There is no room in love for fear.


The world can suck.

I remember finding out about 9/11. As a thirteen year old, waking up and watching the TV before I went to school that day, I saw the unthinkable. Fast forward fourteen years, and the world can still seem pretty grim, only it seems now that the main way I’ll discover a tragic news story is usually via a hashtag. As bizarre as that sounds, I’m sure I’m not the only one.

I was scrolling through Instagram recently and a whole lot of #prayforparis photos were showing up.

After exiting the app, I searched online and it became very clear that something terrible had occurred in Paris. A week later and news of Paris continues to flood Instagram, Facebook, lunch table conversations and our own thoughts when we have a quiet moment.

I had a friend challenge me recently, who told me that the world, particularly when viewed through the lens of social media, can seem really grim. What there’s not a whole lot of is how we can cope, particularly from a spiritual standpoint.

Before we go any further, it’s worth pointing out that the world being imperfect is nothing new. At risk of pointing out the obvious, it’s a sad but true statement.

Anyway, for what it’s worth, here’s my two thoughts on how we can cope right now.

Realise that there is no room in love for fear.

Officially, 129 people died in the Paris attacks. It’s terrible. It’s barbaric. We will never fully understand the mindset of the attackers. This is also the kind of news story that can engross you, it can overwhelm your thoughts. If it happened in Paris, then why not here? What does this mean for the future? What about the politics of it all? Will there be a war?

Stop.

You need to stop walking around in mental circles, asking the same questions and getting nowhere.

Take a second to breathe, and have a read of this:

There is no room in love for fear. Well-formed love banishes fear. Since fear is crippling, a fearful life – fear of death, fear of judgment – is one not yet fully formed in love. We, though, are going to love – love and be loved. First we were loved, and now we love. He loved us first. (1 John 4, The Message)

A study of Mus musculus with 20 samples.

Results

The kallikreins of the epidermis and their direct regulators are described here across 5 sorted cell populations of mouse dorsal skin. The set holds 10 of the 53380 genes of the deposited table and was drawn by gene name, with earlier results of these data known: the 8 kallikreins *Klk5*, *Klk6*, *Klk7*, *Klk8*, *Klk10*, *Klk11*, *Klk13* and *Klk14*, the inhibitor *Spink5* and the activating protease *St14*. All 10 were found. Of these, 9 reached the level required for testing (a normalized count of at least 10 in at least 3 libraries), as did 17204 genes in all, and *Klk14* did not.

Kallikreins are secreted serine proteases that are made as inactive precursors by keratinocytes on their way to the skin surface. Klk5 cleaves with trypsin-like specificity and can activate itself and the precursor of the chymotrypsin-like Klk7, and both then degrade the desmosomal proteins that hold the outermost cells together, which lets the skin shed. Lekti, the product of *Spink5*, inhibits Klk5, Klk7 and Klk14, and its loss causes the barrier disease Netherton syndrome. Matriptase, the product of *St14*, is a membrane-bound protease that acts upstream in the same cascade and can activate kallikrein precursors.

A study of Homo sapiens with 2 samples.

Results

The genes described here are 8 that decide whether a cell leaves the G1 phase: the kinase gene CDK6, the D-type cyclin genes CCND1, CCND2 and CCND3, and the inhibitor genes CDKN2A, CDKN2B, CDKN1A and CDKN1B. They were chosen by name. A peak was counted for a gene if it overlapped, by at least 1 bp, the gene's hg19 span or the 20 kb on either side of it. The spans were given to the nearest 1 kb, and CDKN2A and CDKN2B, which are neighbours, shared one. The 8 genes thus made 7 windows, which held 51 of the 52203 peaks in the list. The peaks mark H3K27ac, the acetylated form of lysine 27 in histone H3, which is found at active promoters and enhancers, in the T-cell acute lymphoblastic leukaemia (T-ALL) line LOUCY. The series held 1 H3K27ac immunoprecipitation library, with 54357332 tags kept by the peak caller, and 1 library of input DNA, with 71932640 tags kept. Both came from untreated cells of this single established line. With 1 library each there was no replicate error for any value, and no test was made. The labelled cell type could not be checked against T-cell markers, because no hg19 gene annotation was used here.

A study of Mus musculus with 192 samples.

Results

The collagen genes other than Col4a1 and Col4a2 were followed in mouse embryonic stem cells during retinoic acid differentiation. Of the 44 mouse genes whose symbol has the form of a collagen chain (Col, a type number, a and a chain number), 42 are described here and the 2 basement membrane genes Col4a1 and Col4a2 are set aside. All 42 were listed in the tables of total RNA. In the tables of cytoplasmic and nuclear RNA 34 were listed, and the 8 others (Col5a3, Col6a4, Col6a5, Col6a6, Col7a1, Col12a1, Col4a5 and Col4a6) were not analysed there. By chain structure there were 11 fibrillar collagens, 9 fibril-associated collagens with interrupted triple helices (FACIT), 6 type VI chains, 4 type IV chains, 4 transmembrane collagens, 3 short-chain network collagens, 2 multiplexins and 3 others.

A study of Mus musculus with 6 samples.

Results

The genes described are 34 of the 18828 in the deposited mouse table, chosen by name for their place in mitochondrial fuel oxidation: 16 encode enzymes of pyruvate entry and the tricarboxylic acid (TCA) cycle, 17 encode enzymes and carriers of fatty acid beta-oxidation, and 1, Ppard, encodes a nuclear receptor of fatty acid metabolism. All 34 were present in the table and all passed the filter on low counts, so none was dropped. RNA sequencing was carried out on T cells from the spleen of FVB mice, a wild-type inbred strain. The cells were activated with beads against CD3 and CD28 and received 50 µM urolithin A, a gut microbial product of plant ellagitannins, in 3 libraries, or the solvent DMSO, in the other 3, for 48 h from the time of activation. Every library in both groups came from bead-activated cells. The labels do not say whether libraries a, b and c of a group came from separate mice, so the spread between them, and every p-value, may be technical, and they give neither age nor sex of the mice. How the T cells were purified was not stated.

You can’t simply ‘will’ fear into going away. You can’t just tell yourself to suck it up and everything is going to be okay. Instead, you have to choose what you will react to. There is no room in love for fear. Will you react in fear to what you are hearing about in the news, or will you react to God’s love, which casts out all fear?

Now, a side note… For all those wondering why God enables bad things to happen, this is a huge question. Rather than try and tackle that one right now, I’d encourage you to either talk to someone about this, or do a bit of reading yourself. Why not start here: http://bit.ly/1pyjnQE.

Once we realise that there is no room in love for fear, something else becomes apparent. It’s this:

The only thing more concerning than the things we can’t change is the things we can.

If we are living from a place that is responding to God’s love, not the fear that can paralyse us, it becomes apparent very quickly that we have a part to play.

Personally, there’s not a whole lot I can do about the tragedy in Paris. I hope this doesn’t sound insensitive, but it’s true.

Here’s the thing though…

The only thing more concerning than the things we can’t change is the things we can.

Take a second, and read that sentence again.

Do you know what I can do? I can love. I can love my neighbour. I can choose to be present in my current situation. I can choose to place value on the people around me every day by the way I listen.

I can choose to be affected by the homeless that live in my city, or by the millions that do not have access to clean drinking water. I can choose to be bothered that an estimated 1.2 million children are trafficked every year. I can choose to have empathy for those affected by the migrant crisis, and I can choose to do something about it.

What am I going to do? I have no idea. This is all coming from a guy who is trying to figure out his place in the world.

I know that I can’t fix everything, but I also know I will not be paralysed by fear. Instead, I will respond to God’s love by loving Him and others.